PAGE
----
John Stopford, co-head of Investec Asset Management's Global Multi Asset Team comments on global bond yields which have risen sharply since a timetable for phasing out QE was outlined by Fed chairman Ben Bernanke earlier this year.
John Stopford, co-head of Investec Asset Management’s Global Multi Asset Team comments on global bond yields which have risen sharply since a timetable for phasing out QE was outlined by Fed chairman Ben Bernanke earlier this year.
Reflecting on recent developments, in our view the impact of the US government shutdown and short-term extension of the debt ceiling have complicated policy making for the Federal Reserve by disrupting data and data releases and creating a greater level of uncertainty about the near-term path of the economy. As such, the FOMC may consider it prudent to delay tapering further until the economic picture is clearer. This in turn would weigh on expectations of the likely path of future interest rate changes and help Treasuries to rally towards the lower end of their likely range.
The prospect of tapering had allowed bond markets to move towards more conventional pricing after a prolonged period of artificially depressed yields. Real yields, however, remain low in a historical context, and we think it is interesting to ask how far bond markets are along the road to normalisation, and how pricing might develop from here. Our views are as follows:
• In the near-term much of the likely move in yields looks to have already taken place. Focusing on the US Treasury market, which has been leading this process, we can work out from the current level of bond yields, the future path of official interest rates anticipated by bond investors. Just prior to the latest FOMC meeting, Treasuries were anticipating a faster speed of interest rate increases than implied by the Fed’s own forecasts. The decision not to begin tapering in October forced the market to reassess the outlook and allowed yields to decline. Treasury yields now again appear to be overshooting a little to the downside versus the current profile of the median path of interest rates anticipated by FOMC members.
• From here, the path of least resistance is probably for US bond yields to rise slowly by around 0.5% per annum. This would see Treasuries delivering cash-like returns, with their yield advantage over interbank rates being largely offset by capital losses. In other words, investors should probably expect a number of years of low nominal and negative real returns from government bonds. Around this path, however, there are likely to be opportunities to take advantage of swings in investor sentiment, which take yields above or below fair value. Such swings seem likely for two reasons: first, they are the norm for bond markets as investors’ expectations of future interest rates adjust to changing economic conditions. Second, the FOMC has said that the path of official interest rates will be data-dependant, suggesting that expectations will be even more sensitive than usual to a run of weaker or stronger data.
• In the near-term, we expect 10-year Treasury yields to mostly stay in a 2.5-3% range, reflecting modest adjustment to market views about the speed of US interest rate tightening. Improved data could push yields towards 3.5%, a level of yield curve steepness seen in previous periods of low official interest rates. Similarly, very soft economic data could temporarily push yields back towards 2%, on expectations of prolonged QE. The direction of yields over time, however, should be a gradually rising trend as the US economy moves closer to full employment. This fair value trend assumes that the FOMC are heading towards an eventual neutral level for the federal funds rate of about 4%. This is the current central forecast of committee members, although the more dovish participants doubt the rate will get much above 3% even in the long-term.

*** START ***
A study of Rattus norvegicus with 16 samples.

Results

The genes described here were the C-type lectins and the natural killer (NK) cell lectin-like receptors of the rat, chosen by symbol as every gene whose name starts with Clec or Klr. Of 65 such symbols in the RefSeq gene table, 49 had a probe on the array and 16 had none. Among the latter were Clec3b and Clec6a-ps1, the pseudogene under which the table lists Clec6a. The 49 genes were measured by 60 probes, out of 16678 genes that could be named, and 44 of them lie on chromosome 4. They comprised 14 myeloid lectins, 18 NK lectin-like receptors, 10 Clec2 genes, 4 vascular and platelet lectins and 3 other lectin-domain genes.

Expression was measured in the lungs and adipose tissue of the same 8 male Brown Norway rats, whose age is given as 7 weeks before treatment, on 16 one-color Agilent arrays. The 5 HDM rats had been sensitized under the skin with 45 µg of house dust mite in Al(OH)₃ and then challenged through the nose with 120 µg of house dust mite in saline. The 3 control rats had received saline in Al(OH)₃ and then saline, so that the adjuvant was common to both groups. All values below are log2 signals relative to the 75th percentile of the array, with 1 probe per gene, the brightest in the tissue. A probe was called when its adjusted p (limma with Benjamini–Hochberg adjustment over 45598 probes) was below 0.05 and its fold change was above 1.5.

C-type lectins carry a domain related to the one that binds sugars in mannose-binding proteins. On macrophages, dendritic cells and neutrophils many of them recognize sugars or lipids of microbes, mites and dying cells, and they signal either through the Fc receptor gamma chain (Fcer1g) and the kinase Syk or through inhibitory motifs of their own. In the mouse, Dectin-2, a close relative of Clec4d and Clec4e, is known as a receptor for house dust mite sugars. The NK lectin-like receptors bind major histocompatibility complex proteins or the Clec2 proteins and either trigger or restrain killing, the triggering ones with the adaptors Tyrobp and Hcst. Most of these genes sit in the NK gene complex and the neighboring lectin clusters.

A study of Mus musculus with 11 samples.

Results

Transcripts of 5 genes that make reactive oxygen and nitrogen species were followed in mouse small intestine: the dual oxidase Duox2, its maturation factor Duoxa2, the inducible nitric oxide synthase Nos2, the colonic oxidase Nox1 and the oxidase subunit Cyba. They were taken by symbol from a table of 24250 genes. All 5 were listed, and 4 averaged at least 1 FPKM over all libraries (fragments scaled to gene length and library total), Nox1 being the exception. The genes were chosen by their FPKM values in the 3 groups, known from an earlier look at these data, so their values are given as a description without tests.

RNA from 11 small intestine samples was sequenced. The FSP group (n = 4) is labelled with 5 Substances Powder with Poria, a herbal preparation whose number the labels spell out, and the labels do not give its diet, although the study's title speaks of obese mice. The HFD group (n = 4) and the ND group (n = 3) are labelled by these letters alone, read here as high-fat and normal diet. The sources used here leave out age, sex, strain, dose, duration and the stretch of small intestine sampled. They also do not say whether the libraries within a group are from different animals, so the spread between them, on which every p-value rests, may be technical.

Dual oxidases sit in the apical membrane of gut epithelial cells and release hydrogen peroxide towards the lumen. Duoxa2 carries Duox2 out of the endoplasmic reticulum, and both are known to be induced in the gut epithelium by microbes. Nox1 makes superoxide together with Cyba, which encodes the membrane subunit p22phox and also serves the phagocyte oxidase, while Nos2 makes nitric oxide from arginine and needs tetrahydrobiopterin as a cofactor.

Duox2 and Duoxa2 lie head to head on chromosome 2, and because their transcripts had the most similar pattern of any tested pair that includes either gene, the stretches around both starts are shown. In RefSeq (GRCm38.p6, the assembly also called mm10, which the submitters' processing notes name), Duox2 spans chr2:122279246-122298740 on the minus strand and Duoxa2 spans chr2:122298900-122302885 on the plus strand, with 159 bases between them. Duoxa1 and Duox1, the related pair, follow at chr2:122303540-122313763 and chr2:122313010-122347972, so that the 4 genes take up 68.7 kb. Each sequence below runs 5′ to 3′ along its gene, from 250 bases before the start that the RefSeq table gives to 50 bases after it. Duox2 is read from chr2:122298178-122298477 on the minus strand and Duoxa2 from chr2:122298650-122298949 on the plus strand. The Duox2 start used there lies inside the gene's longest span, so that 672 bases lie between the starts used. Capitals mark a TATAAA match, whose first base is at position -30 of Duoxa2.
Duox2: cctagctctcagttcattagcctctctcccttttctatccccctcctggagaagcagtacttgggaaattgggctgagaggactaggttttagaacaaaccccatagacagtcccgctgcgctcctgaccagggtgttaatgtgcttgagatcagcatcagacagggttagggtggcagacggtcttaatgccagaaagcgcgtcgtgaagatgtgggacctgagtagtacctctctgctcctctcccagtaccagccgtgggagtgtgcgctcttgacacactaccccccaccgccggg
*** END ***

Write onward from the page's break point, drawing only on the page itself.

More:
• A rate of 4% has some intuitive appeal, given it is close to the committee’s long-run expectation of the trend rate of nominal GDP growth. This needs to be balanced, however, against the likely behaviour of real interest rates in a time of high debt levels. Highly leveraged economies tend to have lower potential growth rates and are more sensitive to interest rate changes. In addition, policymakers may see low or negative real interest rates as a low cost way of facilitating deleveraging. The significant reduction in debt to GDP after the Second World War was certainly helped by a 35-year period when real bank rates averaged close to zero. In light of this, market participants may question whether a 4% level for the funds rate is achievable in the next rate cycle, without a clearer pick-up in inflation expectations.
• Other countries’ bond market yields have also risen to reflect the re-pricing of US interest rate expectations, with differences largely reflecting the anticipated profiles of their own policy rates. This relative pricing is typical of how bond markets behave in a competitive global market for capital. Some bond yields have perhaps risen a little too far too fast – New Zealand is a good example, with rapid interest rate increases now priced in. The UK is another, with the current run of strong economic data pushing interest rate expectations well ahead of where the Bank of England would like to see them, especially given the effective policy tightening from a stronger pound. Certain other markets, notably Japanese government bonds, have moved by less than historical relationships would have suggested. The Bank of Japan has succeeded in keeping yields suppressed for now, but if its reflationary policy works, or even if it fails, Japanese government bond yields look set to move significantly higher over the next few years.